Vacuum cleaner increased competition and improvements in product technology
Technological innovation and increased competition have made the electric floor care market strong in spite of tough economic times.
The attached-tool upright, the latest major technological innovation in the industry, is becoming the most dominant product on the market and is starting to drive full-sized unit sales beyond previous record levels. Full-sized units refer to upright, canister and stick vac units but do not include wet/dry shop vacuums, handheld units or deep cleaning carpet machines–each a dynamic market in its own right.
For the last several years, the full-sized market has been on a plateau. In 1988, sales amounted to 10.6 million units. In 1989, the market hit a peak of 11.37 million units but slid back to 11.1 million units in 1990. Last year, the industry sold 11.0 million units.
This year, the full-sized market is expected to break a new unit sales record–with sales in excess of 11.4 million units.
Deep cleaning carpet machines is a market showing slow, but steady growth. More than 1.6 million units were sold in 1991, and the market is expected to grow to 1.8 million units in 1992.
Growth here is attributed to increased advertising on the part of Regina, television infomercials and increased ad expenditures from Bissell and the emergence of new players such as Blue Lustre.
The handheld market is steady–estimated to be between 8 million and 10 million units annually. Approximately 65 percent of all sales come during the fourth quarter–which gives a clear indication of strong gift purchases for the product.
In this market, there has been a shift away from non-corded to the corded models. Still, non-corded models make up 45 percent of the total market.
All told, the electric floor care industry will ring up more than $2.6 billion at the nation’s cash registers.
Full-sized vacuum cleaners (uprights, canisters and stick vacs) enjoy the greatest penetration into American homes of any small electrical appliance. Approximately 95 percent to 99 percent of the 94 million American households own at least one vacuum. Fifty-five percent own two or more vacuums, and 20 percent own three or more vacuums.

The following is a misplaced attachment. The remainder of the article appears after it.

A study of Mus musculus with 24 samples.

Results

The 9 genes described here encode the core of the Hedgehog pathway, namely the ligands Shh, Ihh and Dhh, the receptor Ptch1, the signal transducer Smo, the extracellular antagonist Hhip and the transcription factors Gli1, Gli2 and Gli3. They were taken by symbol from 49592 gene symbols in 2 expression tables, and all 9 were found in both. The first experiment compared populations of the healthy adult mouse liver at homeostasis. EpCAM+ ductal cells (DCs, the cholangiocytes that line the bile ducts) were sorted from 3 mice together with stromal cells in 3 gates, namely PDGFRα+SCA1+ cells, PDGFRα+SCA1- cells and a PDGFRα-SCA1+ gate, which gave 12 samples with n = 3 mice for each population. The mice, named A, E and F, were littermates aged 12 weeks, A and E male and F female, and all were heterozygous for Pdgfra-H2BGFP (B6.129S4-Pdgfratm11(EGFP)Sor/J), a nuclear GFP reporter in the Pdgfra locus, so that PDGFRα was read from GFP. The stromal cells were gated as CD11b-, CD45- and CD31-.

“The predominant consumer is female, aged 25 to 54,” said Dick Smith, Eureka’s advertising manager. “But there’s also another very important market out there. In this country, there are more 25 million households headed by a single male–this is an audience that is too large to be ignored.”
For deep cleaning machines, market penetration is not as great. Only 8 percent of all households own a deep cleaning machine–which leaves plenty of room for growth.
Here, the predominant consumer is female.
“But it’s usually a shared purchasing decision,” said Jim Krzemenski, vice president of sales for Bissell. “And more often than not a person who purchases a deep cleaning machine is also a homeowner. They want to protect their investment.”
While they acknowledge slow, but strong growth, floor care vendors and retailers describe the full-sized market as “flat but extremely competitive.”
“The market is growing, but it isn’t growing wildly,” said Gary Gosztonyi, director of marketing for Ryobi, makers of Singer vacuum cleaners. “Everybody is fighting for share and everybody is taking it out of each other’s hides.”
The attached-tool upright category is the largest, fastest-growing and quickest-turning full-sized product category. It will account for more than 75 percent of all upright vacuums sold in 1992. And uprights account for approximately 68 percent of the total full-sized market.
The attached-tool market is starting to expand the full-sized market beyond previous levels–but it is also eroding the traditional canister vacuum category. At the end of 1992, canisters only accounted for 19 percent of the total full-sized market–down from 25 percent of the market in 1990 and 27 percent of the market in 1989. Even traditionally strong canister floor care retailers, such as Sears, are starting to replace slower moving canister SKUs with new attached-tool units.
The primary reason attached tools are winning the war over canisters, say both retailers and vendors, is the attached-tool upright offers the carpet cleaning capability of an upright with the cleaning versatility afforded by a canister.
But some vendors say attached tool uprights are growing at the expense of canisters, because there is more advertising, promotion, excitement and trade press coverage behind the new units.
“It becomes something of a self-fulfilling prophecy,” said Dave Gault, Hoover’s vice president of marketing. “As retailers slot more space to attached tool uprights, they eliminate canister SKUs. The result is that attached tool uprights are receiving a great deal more exposure than other floor-care product categories.”
“The growth of the attached tool upright category will continue until the canister segment becomes a 2-million-unit-a-year market,” said Dave Jones, president and chief executive of Regina. “Canisters will level off at 2 million, and much of the future growth will be in uprights.”